Kiev will host the second European Conference of Lesbians next April. The previous meeting took place in October 2017 in Vienna and welcomed 500 women from Europe and Asia. That first conference brought out the need for a non-mixed meeting to boost visibility. One of the goals of this year’s meeting is to establish an network of women and organizations.
In 1980, the International Lesbian Information Service (ILIS) was an organization with a mission to promote the international organization of lesbians linked to ILGA (International Lesbian Gay, Bisexual, Trans and Intersex Association). At a lesbian conference in 1981, lesbian organizations decided that ILIS was to become an independent organization, which remained active until 1998, when it was dismantled.
In 2016, at ILGA-Europe’s conference in Nicosia, a group of women and organizations defending LGBTI rights set up a project to organize an international meeting that became a reality in 2017 and showcased the need to create a network and organize events and meetings to give visibility to the demands of lesbians; that was when EL * C was established, a group of lesbian, queer, bi an trans women aiming to establish a network of lesbians in Europe and Central Asia. Its goals are to “fight lesbophobia and offer support to lesbians, and also give visibility to all societies and human beings.” The demands focus on getting European policies to reinforce human rights in general and reduce the discrimination against lesbians.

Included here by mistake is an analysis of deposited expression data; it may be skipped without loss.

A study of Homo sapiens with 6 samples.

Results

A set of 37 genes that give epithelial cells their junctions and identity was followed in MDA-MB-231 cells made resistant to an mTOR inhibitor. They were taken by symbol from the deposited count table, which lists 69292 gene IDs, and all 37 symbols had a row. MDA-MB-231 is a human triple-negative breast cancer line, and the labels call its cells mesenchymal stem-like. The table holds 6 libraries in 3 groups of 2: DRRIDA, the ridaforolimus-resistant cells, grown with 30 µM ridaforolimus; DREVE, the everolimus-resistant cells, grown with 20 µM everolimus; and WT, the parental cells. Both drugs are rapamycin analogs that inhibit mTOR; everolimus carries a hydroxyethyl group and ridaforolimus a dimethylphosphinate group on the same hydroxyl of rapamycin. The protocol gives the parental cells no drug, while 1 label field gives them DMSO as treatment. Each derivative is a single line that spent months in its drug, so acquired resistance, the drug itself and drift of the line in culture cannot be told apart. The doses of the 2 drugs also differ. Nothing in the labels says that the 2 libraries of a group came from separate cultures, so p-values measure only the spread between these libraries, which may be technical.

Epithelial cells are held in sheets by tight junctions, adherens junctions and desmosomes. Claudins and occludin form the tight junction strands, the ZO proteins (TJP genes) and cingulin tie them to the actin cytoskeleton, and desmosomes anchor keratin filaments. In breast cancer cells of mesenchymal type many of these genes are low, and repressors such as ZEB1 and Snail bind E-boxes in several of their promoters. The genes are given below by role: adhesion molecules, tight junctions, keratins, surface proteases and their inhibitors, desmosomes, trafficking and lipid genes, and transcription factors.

The conference studied the political, legal and financial differences in European lesbian movements, as well as the urgent and shared need to become focused and meet the needs and demands of their struggles and increase their visibility, as well as roll out lesbian networks, to table the specific rights of lesbians on the European political agenda.
The fact that the rights of LGBTI persons are at risk, as well as the discrimination and vulnerability faced by LGBT movements and persons, especially women, was the reason to organize this second conference in Kiev, to counter the hostile policies with positive actions to raise visibility.
Olena Shevchenko a Ukrainian board member of EL * C stated that “Lesbians in the Ukraine are invisible and are the most vulnerable community, suffering from stigma and sexual, domestic and reproductive violence, as well as discrimination. The term “lesbian” is stigmatized and is a dirty word, leading many lesbians to use the term “gay”, which also contributes to invisibilize the lesbian community and, more importantly, makes it very difficult for their needs to be met. In this situation, we believe that the European conference of lesbians will represent a big step forward in terms of visibility, to raise the needs voiced by lesbians and to build community in the Ukraine”.